President Biden should heed his own words and put his foot down - opinion

Biden is faced with a situation no President has encountered since World War II; how he handles it will define his legacy whether he likes it or not.

 US PRESIDENT Joe Biden delivers remarks on Russia’s attack on Ukraine, in the East Room of the White House on Thursday.  (photo credit: LEAH MILLIS/REUTERS)
US PRESIDENT Joe Biden delivers remarks on Russia’s attack on Ukraine, in the East Room of the White House on Thursday.
(photo credit: LEAH MILLIS/REUTERS)

‘Big nations cannot bluff” has served as a catchphrase of sorts for President Joe Biden his entire career; it made regular appearances throughout his presidential campaign. The war in Ukraine and its lead-up is plagued in instances where Biden broke one of the cornerstones of his apparent world views. Given Biden’s fifty-year political resume, it would be wrong not to highlight the times when he chose to go back on his own word.

For starters, Biden is acutely familiar with the situation in Ukraine and its history. Biden was a US Senator for the 1994 Budapest Memorandum, serving on the Senate Foreign Relations Committee at its signage by the US, the UK and, in a grim sense of the word irony, Russia. While not legally binding, the memorandum saw Ukraine forfeit its nuclear arsenal in return for its sovereignty being protected by the signers. Now Ukraine is under siege by one of the parties and has no nuclear deterrence, an arguable death blow to the disarmament community.

As vice president, Biden was the point man for president Obama’s policy regarding the 2014 conflict with Russia and Ukraine, which saw the theft of Crimea. The world watched as Russia stole a chunk of its neighbor with minimal resistance or condemnation on the world stage. Biden would dedicate a large share of a chapter of his 2017 book Promise Me, Dad to these events.

Biden admits in his book that Europeans told him the taking of Crimea felt like a “canary in a coal mine” that if the West did not stand up in that moment, Russia would return to “start carving up pieces of their territory near the Russian border. Or more.” Unfortunately, these warnings fell on deaf ears; the current situation did not have to be this way.

Biden’s writings on Ukraine feel as if he fully understood the conflict ahead, making his efforts as President even more lackluster. Biden outlined in his book that he agreed with President Obama that the US should take no steps further than economic sanctions against Russia and played strong revisionist history on how Crimea unfolded.

Tanks of the Ukrainian Armed Forces drive during military drills at a training ground near the border with Russian-annexed Crimea in Kherson region, Ukraine, in this handout picture released by the General Staff of the Armed Forces of Ukraine press service November 17, 2021. (credit: PRESS SERVICE OF GENERAL STAFF OF THE ARMED FORCES OF UKRAINE/HANDOUT VIA REUTERS)Tanks of the Ukrainian Armed Forces drive during military drills at a training ground near the border with Russian-annexed Crimea in Kherson region, Ukraine, in this handout picture released by the General Staff of the Armed Forces of Ukraine press service November 17, 2021. (credit: PRESS SERVICE OF GENERAL STAFF OF THE ARMED FORCES OF UKRAINE/HANDOUT VIA REUTERS)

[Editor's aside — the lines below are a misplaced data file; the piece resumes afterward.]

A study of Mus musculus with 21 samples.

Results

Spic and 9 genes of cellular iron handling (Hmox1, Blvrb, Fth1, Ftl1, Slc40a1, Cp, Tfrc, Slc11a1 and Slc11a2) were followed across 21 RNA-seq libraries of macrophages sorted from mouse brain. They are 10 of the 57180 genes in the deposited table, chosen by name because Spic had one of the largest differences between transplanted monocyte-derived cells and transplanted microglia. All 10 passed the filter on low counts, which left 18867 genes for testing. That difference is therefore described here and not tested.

Two years before the Crimea annexation, Biden echoed Obama’s now-famous mocking of Mitt Romney for stating Russia was the most significant global threat in 2012. If one only read Biden’s book, you would think he was in lockstep with senator McCain, who warned the world of Putin and the danger he posed to Ukraine for years.

If one chooses to ignore the fact that Biden outlined much of his current strategy five years ago, you would still know what the US response was going to look like. In a dubious move, the Biden administration attempted to work with China to lessen tensions with Russia, resulting in China feeding information directly back to the Kremlin. Now Russia is seeking to decapitate Ukraine and has taken necessary steps to wait out the economic lengths they believe Biden is willing to go. China waived restrictions on Russian wheat exports and is largely thought to be ready to buy up whatever gas Europe no longer purchases.

Biden could easily double the impacts of his sanctions by working with US and OPEC allies to increase the fuel in circulation, considerably decreasing the value of Russia’s lifeline while also lessening the weight of the sanctions on global citizens at the pump. The situation is teed up for the US to dominate the exports marketplace, a win-win for the US and its allies. It has never been more clear that the US needs to work with Europe to find energy sources beyond Russia’s borders.

President Biden should heed his own words and put his foot down. Putin has always only done what he believes he can get away with. Too many times has Biden said this time he is serious for another red line to be crossed. I am by no means saying boots on the ground is the answer, but a containment strategy means Ukraine fends for itself as we watch in horror. Biden is faced with a situation no President has encountered since World War II; how he handles it will define his legacy whether he likes it or not.

The writer is pursuing a master’s in public policy (environmental policy) at Arizona State University.